The Los Angeles Rams drafted Sean Mannion out of Oregon State with the 89th pick in the third round of the 2015 NFL Draft.  And with one season under his belt, it’s still very unclear of what he’s capable of accomplishing in the pros.

Mannion took seven total snaps in his rookie year.  290 fewer than Case Keenum.  649 less than Nick Foles.  The rookie would complete 6 of 7 for 31 yards, with a long completion of 11 yards.

Gone are the days when a quarterback was drafted with the intention of sitting behind the team’s current starter for two or three years, learning the intricacies of the game in preparation for their time on the big stage.  In today’s NFL, quarterbacks are often thrust into the offense with the expectation that they’re Week 1 ready.

That wasn’t the case for Mannion, whose seven snaps in Week 12 can hardly be considered experience.  That’s not to say that Mannion didn’t better himself in 2015.  He certainly had time to learn the playbook, and take pointers from Foles, Keenum, and the coaching staff.

How much has he improved is the question.  Not far removed from last year’s draft, and with minimal tape to clearly indicate otherwise, here’s what draft experts were saying the Rams got when they drafted Mannion last May:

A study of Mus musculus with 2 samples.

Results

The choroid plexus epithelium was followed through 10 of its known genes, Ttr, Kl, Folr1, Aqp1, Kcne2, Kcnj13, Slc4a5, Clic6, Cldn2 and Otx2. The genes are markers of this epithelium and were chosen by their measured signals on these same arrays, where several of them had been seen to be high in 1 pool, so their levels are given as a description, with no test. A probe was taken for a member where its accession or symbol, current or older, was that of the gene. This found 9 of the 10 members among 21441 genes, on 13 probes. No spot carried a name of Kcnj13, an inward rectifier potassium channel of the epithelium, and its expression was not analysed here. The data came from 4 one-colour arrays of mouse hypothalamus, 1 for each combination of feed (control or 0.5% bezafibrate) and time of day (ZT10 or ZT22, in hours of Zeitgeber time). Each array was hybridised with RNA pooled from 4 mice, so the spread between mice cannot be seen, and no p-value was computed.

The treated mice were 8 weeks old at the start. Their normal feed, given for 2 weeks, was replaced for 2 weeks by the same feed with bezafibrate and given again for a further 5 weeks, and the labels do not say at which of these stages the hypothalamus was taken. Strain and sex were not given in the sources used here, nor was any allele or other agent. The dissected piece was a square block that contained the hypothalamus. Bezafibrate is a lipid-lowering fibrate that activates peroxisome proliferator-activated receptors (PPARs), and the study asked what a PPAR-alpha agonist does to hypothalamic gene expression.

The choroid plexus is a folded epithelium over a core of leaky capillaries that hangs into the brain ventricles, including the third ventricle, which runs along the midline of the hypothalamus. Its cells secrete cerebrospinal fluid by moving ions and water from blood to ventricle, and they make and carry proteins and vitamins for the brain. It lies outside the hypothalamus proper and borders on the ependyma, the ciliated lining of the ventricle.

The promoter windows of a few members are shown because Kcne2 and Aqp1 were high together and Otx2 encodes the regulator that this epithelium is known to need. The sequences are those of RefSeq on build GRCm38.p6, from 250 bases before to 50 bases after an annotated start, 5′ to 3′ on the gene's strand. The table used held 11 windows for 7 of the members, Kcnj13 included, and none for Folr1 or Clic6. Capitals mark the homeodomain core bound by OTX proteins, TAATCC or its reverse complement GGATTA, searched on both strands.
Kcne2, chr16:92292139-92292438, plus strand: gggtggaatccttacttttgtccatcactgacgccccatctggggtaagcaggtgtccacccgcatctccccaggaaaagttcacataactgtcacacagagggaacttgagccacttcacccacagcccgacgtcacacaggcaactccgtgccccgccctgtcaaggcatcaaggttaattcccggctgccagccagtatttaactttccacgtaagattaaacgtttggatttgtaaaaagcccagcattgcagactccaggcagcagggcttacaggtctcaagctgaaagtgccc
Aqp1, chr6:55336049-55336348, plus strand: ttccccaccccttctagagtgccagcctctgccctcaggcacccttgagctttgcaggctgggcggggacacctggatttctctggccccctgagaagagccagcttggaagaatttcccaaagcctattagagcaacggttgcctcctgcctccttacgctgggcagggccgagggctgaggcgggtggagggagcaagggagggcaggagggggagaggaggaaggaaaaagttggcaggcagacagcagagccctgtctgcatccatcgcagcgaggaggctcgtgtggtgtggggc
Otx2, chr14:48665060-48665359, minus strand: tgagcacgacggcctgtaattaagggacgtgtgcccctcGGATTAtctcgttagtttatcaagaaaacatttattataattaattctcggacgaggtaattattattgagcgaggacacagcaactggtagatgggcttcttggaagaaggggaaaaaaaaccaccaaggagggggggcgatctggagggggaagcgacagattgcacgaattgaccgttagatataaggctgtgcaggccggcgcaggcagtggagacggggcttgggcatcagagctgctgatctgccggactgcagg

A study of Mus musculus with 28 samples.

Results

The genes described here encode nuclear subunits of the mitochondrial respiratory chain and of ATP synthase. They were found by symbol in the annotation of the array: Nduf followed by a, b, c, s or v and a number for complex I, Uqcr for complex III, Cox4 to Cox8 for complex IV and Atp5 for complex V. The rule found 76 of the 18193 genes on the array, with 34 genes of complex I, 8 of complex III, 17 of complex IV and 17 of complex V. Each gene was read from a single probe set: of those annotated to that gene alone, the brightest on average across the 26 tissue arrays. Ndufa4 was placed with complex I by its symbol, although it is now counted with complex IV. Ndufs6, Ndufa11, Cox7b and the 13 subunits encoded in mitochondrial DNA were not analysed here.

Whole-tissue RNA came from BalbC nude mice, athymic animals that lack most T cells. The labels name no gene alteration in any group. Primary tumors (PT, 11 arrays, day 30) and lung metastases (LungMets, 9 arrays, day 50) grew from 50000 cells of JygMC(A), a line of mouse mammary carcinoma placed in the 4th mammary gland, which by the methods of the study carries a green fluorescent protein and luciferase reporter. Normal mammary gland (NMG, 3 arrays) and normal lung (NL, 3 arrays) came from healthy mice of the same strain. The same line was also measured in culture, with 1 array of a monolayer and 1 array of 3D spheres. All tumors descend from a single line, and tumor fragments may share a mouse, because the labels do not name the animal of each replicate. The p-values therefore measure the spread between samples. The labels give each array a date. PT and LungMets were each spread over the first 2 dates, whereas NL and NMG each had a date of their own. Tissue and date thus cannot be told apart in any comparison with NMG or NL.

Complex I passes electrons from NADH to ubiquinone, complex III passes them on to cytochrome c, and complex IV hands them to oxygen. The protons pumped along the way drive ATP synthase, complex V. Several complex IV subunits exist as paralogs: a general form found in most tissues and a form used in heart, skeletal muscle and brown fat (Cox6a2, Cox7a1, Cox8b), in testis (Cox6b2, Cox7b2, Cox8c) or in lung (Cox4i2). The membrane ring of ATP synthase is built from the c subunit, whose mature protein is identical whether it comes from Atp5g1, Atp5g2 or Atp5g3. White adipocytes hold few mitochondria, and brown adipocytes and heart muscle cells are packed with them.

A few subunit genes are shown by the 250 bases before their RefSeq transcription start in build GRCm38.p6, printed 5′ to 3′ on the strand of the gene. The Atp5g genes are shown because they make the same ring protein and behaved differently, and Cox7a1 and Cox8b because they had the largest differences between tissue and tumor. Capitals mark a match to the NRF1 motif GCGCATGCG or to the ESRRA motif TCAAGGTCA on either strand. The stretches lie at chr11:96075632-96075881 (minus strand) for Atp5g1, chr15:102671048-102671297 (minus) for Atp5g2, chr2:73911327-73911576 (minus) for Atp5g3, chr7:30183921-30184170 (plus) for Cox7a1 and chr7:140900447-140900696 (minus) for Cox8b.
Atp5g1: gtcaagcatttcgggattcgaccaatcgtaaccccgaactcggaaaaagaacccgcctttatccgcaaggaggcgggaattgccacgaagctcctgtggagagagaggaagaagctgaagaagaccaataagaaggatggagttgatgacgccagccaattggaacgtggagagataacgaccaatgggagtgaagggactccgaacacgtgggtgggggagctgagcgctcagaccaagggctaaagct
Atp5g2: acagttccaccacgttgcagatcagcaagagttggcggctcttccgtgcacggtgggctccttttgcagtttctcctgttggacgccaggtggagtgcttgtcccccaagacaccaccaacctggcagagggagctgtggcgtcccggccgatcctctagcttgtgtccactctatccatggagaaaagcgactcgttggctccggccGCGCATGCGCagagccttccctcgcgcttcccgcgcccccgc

Mannion reminds me a little bit of Mike Glennon. He throws with anticipation and timing, but he has to quicken the process a little bit.  - Mike Mayock

"Bottom Line" from Mannion’s Draft Profile

Tall, rhythm thrower who shows an ability to play with confidence and accuracy when used as a game manager within an offense featuring a strong rushing attack. Mannion needs plays to stay on schedule or his confidence becomes shaky and the turnovers start rolling in. Mannion lacks arm talent to carry an offense, but has enough ability to become a capable backup.  NFL Comparison:  Matt Schaub

From Kevin Patra,'s Around The NFL writer:

However, Mannion's arm talent leaves a lot to be desired and he was turnover-prone in college. One scout compared him to Derek Anderson, who also came out of Oregon State.

From Dane Brugler, CBS Sports NFL Draft Analyst

Mannion has shown promise over his career, but tends to be too careless with his decisions and lacks the consistency against pressures to be a consistent NFL starter. If he can learn how to speed up his process for the NFL level, Mannion can carve out a Shaun Hill type of career, but if he doesn't, his career will likely follow a Tony Pike-like path.